The Optimus blog

The blog that inspires leaders in the UK education sector

The Optimus blog

The blog that inspires leaders in the UK education sector

Owen Carter

What does research-based classroom practice look like anyway?

A bunch of very intelligent people joined us at Optimus HQ to discuss one question: is research-based classroom practice realistic and is it desirable? Owen Carter reports on some of the conversation.

Research-based practice is a term that’s interested me for quite a long time. So it was a delight to bring together a group of teachers to discuss whether research can shape teaching, should it, and how would it do it?

On the face of it the idea is pretty uncontentious. Surely teachers should make their decisions on the best evidence available to them, and surely scientific inquiry is more reliable than personal intuition? There’s something alluring about projects like the EEF toolkit – finally, classroom techniques in ranked order. Some clarity to the messy business of the classroom! But if this is what research means to most teachers, it’s not enough.

Any decent definition of research probably stresses the systematic nature of inquiry, and the need to evaluate claims against the strength of the evidence they offer. Learning styles and Brain Gym, after all, were marketed as research-based innovations. 

So in order for teachers to tell whether something truly is evidence-based, they need a critical frame of mind that doesn’t just accept things as received truths.

The politics of it all

Another issue is fairly deeply rooted. There’s no doubt that the current of policy is moving in favour of research. Witness Nick Gibb saying things like ‘our government believes in basing teaching, as far as is possible, on evidence’. Pretty hard to disagree. But the tendency of government policy is to quantify, measure, judge – and pretty inevitably create some resentment among those being judged. David Leat, Anna Reid and Rachel Lofthouse put this powerfully: ‘If research engagement simply becomes another policy imperative, driven by an expectation of rapid, measurable school improvement and relentless expectation to raise standards, it is unlikely to achieve its potential.’ A relentless focus on ‘what works’ is likely to create compliance driven checklists which deskill teachers and make them less likely to develop the ability to independently evaluate evidence. It’s not simple as what works, works. Different things work better in different contexts. And engagement from the people at the chalkface is probably a significant factor in whether or not something works. On the day pretty much everyone agreed for the need for teachers to have ‘decisional capital’ – any intervention foisted on teachers is likely to work badly. So research and accountability need to stay separate.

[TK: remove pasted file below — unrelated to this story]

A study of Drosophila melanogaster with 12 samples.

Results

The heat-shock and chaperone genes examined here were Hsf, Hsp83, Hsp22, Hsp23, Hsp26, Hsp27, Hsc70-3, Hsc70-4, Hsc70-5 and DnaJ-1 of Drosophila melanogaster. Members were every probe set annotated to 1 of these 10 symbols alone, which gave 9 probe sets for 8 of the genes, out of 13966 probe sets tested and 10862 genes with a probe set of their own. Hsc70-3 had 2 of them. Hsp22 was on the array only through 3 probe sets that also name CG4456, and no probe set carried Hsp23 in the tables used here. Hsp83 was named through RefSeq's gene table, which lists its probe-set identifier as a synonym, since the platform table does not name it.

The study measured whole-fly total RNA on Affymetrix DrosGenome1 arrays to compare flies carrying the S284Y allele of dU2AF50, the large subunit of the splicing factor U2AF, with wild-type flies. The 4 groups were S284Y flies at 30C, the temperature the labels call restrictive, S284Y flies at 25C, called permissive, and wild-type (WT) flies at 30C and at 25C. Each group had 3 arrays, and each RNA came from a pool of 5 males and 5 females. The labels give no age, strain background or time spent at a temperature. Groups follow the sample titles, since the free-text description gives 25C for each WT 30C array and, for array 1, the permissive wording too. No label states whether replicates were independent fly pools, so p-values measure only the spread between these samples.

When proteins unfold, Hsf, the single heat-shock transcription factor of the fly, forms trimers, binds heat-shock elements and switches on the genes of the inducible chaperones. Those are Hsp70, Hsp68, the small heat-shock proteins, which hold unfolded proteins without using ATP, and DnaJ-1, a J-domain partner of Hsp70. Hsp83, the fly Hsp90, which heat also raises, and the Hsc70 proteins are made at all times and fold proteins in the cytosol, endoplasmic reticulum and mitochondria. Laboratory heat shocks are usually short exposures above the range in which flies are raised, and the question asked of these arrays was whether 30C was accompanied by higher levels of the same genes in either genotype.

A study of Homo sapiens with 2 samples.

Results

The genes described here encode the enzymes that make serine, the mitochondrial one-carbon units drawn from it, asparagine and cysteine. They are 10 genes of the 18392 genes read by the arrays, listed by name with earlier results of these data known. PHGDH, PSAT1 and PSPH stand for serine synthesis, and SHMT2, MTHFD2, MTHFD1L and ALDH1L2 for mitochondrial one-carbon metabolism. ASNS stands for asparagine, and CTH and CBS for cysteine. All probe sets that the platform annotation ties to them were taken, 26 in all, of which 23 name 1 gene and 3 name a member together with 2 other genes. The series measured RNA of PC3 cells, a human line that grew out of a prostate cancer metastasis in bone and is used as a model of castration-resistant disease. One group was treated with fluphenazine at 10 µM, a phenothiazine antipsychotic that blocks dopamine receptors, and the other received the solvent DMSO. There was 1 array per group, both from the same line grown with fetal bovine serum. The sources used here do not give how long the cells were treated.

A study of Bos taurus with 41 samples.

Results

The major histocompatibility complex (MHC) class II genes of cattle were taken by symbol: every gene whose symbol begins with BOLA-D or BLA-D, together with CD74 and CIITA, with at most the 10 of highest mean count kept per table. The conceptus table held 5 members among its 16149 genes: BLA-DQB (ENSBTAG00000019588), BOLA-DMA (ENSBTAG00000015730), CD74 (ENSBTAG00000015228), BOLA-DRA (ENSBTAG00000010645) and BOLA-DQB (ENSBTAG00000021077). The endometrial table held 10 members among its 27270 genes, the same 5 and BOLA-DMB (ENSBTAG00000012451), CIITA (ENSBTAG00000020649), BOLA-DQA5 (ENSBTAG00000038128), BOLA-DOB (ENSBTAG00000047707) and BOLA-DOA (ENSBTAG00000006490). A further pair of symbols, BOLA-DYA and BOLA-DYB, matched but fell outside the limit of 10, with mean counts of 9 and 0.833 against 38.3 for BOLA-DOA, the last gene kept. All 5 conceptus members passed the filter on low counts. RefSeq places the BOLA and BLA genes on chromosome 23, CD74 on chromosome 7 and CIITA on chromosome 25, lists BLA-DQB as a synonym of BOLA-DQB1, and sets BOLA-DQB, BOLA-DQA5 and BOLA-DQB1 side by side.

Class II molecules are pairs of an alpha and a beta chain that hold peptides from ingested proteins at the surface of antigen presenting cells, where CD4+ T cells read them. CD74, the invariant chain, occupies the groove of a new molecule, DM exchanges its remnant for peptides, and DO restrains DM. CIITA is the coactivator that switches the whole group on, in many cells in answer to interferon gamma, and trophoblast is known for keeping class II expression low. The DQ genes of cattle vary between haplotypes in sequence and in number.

Setting priorities

In 2010 Bob Lenz published a piece on Edutopia’s blog, titled Evidence that PBL works. The study he discusses does indeed show a positive effect for PBL. It has a large sample size of 7000 students, taught by 76 teachers across 66 schools. The way he summarises the results is also accurate.

  • PBL students outscored their peers in the control group.
  • PBL students scored higher on measures of problem-solving skills and their application to real-world economic challenges.
  • PBL teachers scored higher in satisfaction with teaching material and methods than the control group.

But if we go to the study itself we find, on its 14th page, this warning: ‘Since this study recruited a purposively targeted sample, these findings should only be generalized to teachers and schools where the economics program and the associated professional development are a priority.’ So the research is not evidence that PBL works. It is evidence that PBL works in some specific schools where the economics programme was central to the curriculum and a large amount of time was given to economics related professional development – 40 hours in fact. The problem here, as elsewhere, is that thorny and complex research projects get boiled down into a headline or a few bulletpoints. And people remember the headline, not the substance. Research gives us an indication of where to go. It doesn’t tell us exactly what to do when we get there. That is where the expertise and judgement of the teacher come in. As Tim Taylor put it, ‘educational research is complicated. Really complicated. So consider with extreme caution and apply using a critical mindset.’ Can research inform classroom practice? Should it? Leave a comment below or drop me a line. With thanks to @rmlofthouse, @pedagog_machine, @hgaldinoshea, @powley_r, @Maths_Master, @Smichael920, @imagineinquiry, @nor_edu. Honourable mention to @kitandrew1.